Believe it or not, interview translations aren’t useful solely for generating arguments about plagiarism.
Take, for instance, Dmitry Chesnokov’s translation of a surprisingly candid Alex Ovechkin interview from sports.ru. While there is plenty of intriguing stuff about Ovechkin finding his shot (his father made him aim his shot at “a certain number of cans” before he could socialize with buddies) and how he feels about the playoffs, it’s the stuff about Russian hockey that could very well make waves.
I’ll start with the most eyebrow-raising fodder in which Ovechkin details the allegedly bribe-driven world of Russian hockey.
“When I was young, there were no people who came up and said: ‘Here’s the money for you, play my son, let him play and enjoy. And then we’ll see.’ This is the worst. It’s in the clubs, in national teams — it’s the same everywhere. And when I started playing for the national team, it was happening. Two, three people were there who “had a pull.” But now there are more of them. Unfortunately, in Russia money decides everything.”
In Russia money decides everything? Well, at least Ronald Reagan would be proud. (Too soon?)
Ovechkin also makes little doubt that, despite some considerable progress, the NHL is still the league of dreams rather than the KHL.
“Of course, to play in the NHL is a dream. You can go to any youth sports school and ask those who train there — everyone will say that they dream of the NHL. There cannot even be a talk about comparing the two leagues. The KHL right now is moving in the right direction, raising up a little, but there is no point to compare the leagues. Let them call me names, call me a traitor, but this is true.”
If these interviews are any indication, many European hockey players have a lot more to say that the language barrier will allow (or they just don’t want to provide “bulletin board” material, either). He might take a little heat for the comments back home, but kudos to Ovechkin for speaking his mind. It’s a great – and unfortunately rare – thing to see.
The scuffling New York Rangers — coming off a 6-3 loss Sunday in Anaheim, and with just two wins in their last seven — are expected to have a slightly different lineup tonight in San Jose.
Up front, winger Matt Puempel is likely to replace rookie Pavel Buchnevich. And on the back end, Dan Girardi will come in for Kevin Klein.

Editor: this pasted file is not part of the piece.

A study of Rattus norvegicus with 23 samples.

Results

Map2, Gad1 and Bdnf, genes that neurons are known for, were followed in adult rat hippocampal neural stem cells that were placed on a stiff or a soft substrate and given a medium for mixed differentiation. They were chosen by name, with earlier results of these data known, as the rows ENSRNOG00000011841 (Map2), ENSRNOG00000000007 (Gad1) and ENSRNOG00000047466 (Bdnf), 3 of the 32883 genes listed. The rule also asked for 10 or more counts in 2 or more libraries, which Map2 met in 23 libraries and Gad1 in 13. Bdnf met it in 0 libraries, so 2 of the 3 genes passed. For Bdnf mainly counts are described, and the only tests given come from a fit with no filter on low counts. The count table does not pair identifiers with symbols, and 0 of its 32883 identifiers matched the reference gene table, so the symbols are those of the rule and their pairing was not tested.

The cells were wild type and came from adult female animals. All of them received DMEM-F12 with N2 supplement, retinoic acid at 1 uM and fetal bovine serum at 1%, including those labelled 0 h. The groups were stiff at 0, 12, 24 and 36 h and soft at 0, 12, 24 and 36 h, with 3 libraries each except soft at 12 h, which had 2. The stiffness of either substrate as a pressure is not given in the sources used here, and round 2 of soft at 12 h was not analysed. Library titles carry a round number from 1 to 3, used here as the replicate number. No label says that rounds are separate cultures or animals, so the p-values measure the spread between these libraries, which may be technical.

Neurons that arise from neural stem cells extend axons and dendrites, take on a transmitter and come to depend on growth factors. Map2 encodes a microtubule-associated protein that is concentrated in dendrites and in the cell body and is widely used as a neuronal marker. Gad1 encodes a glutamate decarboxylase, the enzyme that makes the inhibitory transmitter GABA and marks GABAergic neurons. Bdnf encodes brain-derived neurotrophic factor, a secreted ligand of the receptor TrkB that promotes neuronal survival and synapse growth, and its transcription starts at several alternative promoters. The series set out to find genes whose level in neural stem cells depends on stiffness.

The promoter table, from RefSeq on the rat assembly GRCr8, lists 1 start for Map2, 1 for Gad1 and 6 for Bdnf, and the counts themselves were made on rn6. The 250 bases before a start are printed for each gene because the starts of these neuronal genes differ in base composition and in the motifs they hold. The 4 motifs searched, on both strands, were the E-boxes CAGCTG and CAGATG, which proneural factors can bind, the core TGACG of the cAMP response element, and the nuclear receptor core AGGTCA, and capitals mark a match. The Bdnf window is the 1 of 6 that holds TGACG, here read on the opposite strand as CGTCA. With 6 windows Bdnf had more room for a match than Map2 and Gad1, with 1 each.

The Girardi-for-Klein switch is no huge surprise. Both d-men have been battling injuries, with Klein only returning Sunday after an extended absence due to back spasms. Head coach Alain Vigneault told reporters that he “didn’t want to put two injured defensemen in at the same time,” so Klein gets the night off tonight.
As for the potential scratching of Buchnevich, that decision would be slightly more controversial. The 21-year-old has two goals and three assists in his last 11 games, but clearly has not gained the full trust of his coach.
Henrik Lundqvist is expected to start in goal after a tough return to the net against the Ducks.
It doesn’t sound like Jacob Markstrom will play any more games for the Vancouver Canucks this season.
The 27-year-old goalie has been trying to recover from a knee injury suffered in the Canucks’ skills competition on Feb. 26.
“I don’t think things are great,” head coach Willie Desjardins said today. “We’ve got to make a medical decision on him.”
It has to be frustrating for Markstrom, who was hoping to challenge Ryan Miller for the starting job this year. The tall Swede played well at times, going 10-11-3 with a .910 save percentage — but in the end, he only made 23 starts.
“He’s a good goalie,” Desjardins said of Markstrom. “He can challenge for the number-one spot. Every time he goes in net, I’ve got lots of confidence in him. He’s left his mark this year.”
Markstrom is signed through 2019-20, while Miller is a pending unrestricted free agent.
It’s possible that the Canucks will re-sign Miller and come back with the same netminding tandem next season.
Joe Gambardella, the UMass-Lowell senior that scored 52 points in 41 games this year, has signed a two-year, entry-level deal with Edmonton, the club announced on Monday.
Gambardella, 23, captured this year’s Walter Brown award as the top American-born collegiate player in New England. He beat out the likes of Clayton Keller, Colin White, Charlie McAvoy and Tage Thompson for the honor, and joined a distinguished list of past winners.
Rangers forward Jimmy Vesey won the Walter Brown in ’16 and ’15, while Calgary’s Johnny Gaudreau won it in ’14.
Gambardella is the first UMass-Lowell player to ever win the award, which has been given out annually since 1953. It capped off a nice year in which he also paced the River Hawks to the NCAA tournament.
An undrafted free agent, Gambarella’s ELC will kick in next season. It’s also worth noting that one of his UMass-Lowell teammates, defenseman Michael Kapla, signed with the Devils earlier today.
The Arizona Coyotes will honor Craig Cunningham with a ceremonial puck drop on April 8 before their final home game of the season against the Minnesota Wild.
From the team press release:
Cunningham, who survived a medical emergency prior to the Tucson Roadrunners game on November 19, has made a remarkable recovery. Fans will have an opportunity to congratulate him on the tremendous courage, willpower and perseverance he’s demonstrated throughout his rehabilitation.
Cunningham was recently honored by the Roadrunners.
The 26-year-old’s hockey career is unfortunately over after doctors were forced to amputate part of his left leg due to concerns over infection.
True to form, though, he’s maintained a positive attitude.
“Obviously I miss playing every single day, and I miss the atmosphere around the locker room,” Cunningham said, per the Arizona Daily Star. “The guys have been great. From Day 1, they’ve been to see me every day. It’s been pretty incredible.”